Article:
MIT students, researchers, and faculty are shaping the future. Literally. Last week in discussion group, the ethical considerations of editing the human genome came up. There’s so much at stake, it feels overwhelming.
Are technologies like CRISPR a gift to humanity, or a curse, or both? The answer depends on us, we humans. On how well our moral compass guides us through market economics. On how inclusively we break trail into new possibilities for the human race.
I was struck by the relevance of a recent conversation with humanist ethicist Sharon Welch, a professor in my M.Div. program, to what’s happening here at MIT. In a forthcoming book, After the Protests are Heard: Enacting Civic Engagement and Social Transformation, Dr. Welch outlines the paradoxes of moral leadership in today’s world:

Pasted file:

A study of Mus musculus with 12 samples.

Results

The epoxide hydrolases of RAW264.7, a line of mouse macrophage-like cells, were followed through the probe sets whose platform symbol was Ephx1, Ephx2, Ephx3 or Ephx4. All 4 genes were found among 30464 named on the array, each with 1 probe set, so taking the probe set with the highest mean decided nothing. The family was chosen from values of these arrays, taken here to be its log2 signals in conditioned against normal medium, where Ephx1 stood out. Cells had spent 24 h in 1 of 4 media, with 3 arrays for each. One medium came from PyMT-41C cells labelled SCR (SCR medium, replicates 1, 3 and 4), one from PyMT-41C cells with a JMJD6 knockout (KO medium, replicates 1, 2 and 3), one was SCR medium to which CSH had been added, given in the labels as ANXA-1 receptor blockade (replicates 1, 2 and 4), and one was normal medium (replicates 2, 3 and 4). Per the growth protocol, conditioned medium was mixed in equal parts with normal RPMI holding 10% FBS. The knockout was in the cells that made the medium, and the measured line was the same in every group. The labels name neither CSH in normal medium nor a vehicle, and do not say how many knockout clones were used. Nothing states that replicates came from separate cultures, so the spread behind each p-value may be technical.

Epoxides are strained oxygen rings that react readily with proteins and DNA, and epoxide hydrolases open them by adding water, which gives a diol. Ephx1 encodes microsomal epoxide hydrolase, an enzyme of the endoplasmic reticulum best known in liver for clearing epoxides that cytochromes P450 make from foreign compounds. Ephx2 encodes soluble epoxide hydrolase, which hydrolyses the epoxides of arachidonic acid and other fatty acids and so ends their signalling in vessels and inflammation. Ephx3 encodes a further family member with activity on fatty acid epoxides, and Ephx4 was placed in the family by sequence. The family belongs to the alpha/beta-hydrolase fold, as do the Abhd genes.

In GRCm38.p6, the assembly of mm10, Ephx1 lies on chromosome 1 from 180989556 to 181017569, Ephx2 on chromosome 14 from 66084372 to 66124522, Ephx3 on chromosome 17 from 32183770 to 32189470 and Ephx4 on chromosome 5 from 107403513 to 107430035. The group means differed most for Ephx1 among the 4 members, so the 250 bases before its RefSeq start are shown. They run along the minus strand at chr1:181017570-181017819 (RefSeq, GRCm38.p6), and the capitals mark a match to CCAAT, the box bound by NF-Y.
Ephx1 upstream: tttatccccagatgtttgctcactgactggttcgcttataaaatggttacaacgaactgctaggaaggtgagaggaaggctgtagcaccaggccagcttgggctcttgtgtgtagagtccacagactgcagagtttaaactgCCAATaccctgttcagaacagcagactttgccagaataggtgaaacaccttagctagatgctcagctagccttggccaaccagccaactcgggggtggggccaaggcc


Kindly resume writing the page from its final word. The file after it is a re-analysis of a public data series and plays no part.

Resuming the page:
– There is no moral safe harbor, no course of action guaranteed to be free of risk, loss and negative side effects.
– The measure of our success is not the perfection of our efforts but our honesty, accountability, resilience and audacity in the face of unintended consequences and ongoing challenges.
– Finding what enables people to thrive in ways that are equitable and ecologically sustainable is more a matter of critical experimentation and risk-taking than it is a matter of moral and theological certainty.
– We may want the same thing, but for different reasons and may have the same reasons, but want different things.
– There is a fundamental lack of parity between the moral certainty of our denunciation of existing forms of injustice and our ethically reasonable uncertainty about the justice and feasibly of our cherished alternatives.
Let’s talk. How are you wrestling with the paradoxes of leadership? What helps you live creatively out of these tensions and opportunities? Where can we move beyond “us vs. them” to find generative interdependence?
Join MIT Humanist Chaplain, Greg Epstein, and I in the Chapel (W15) at 4pm on November 15 and again on November 29 to discuss.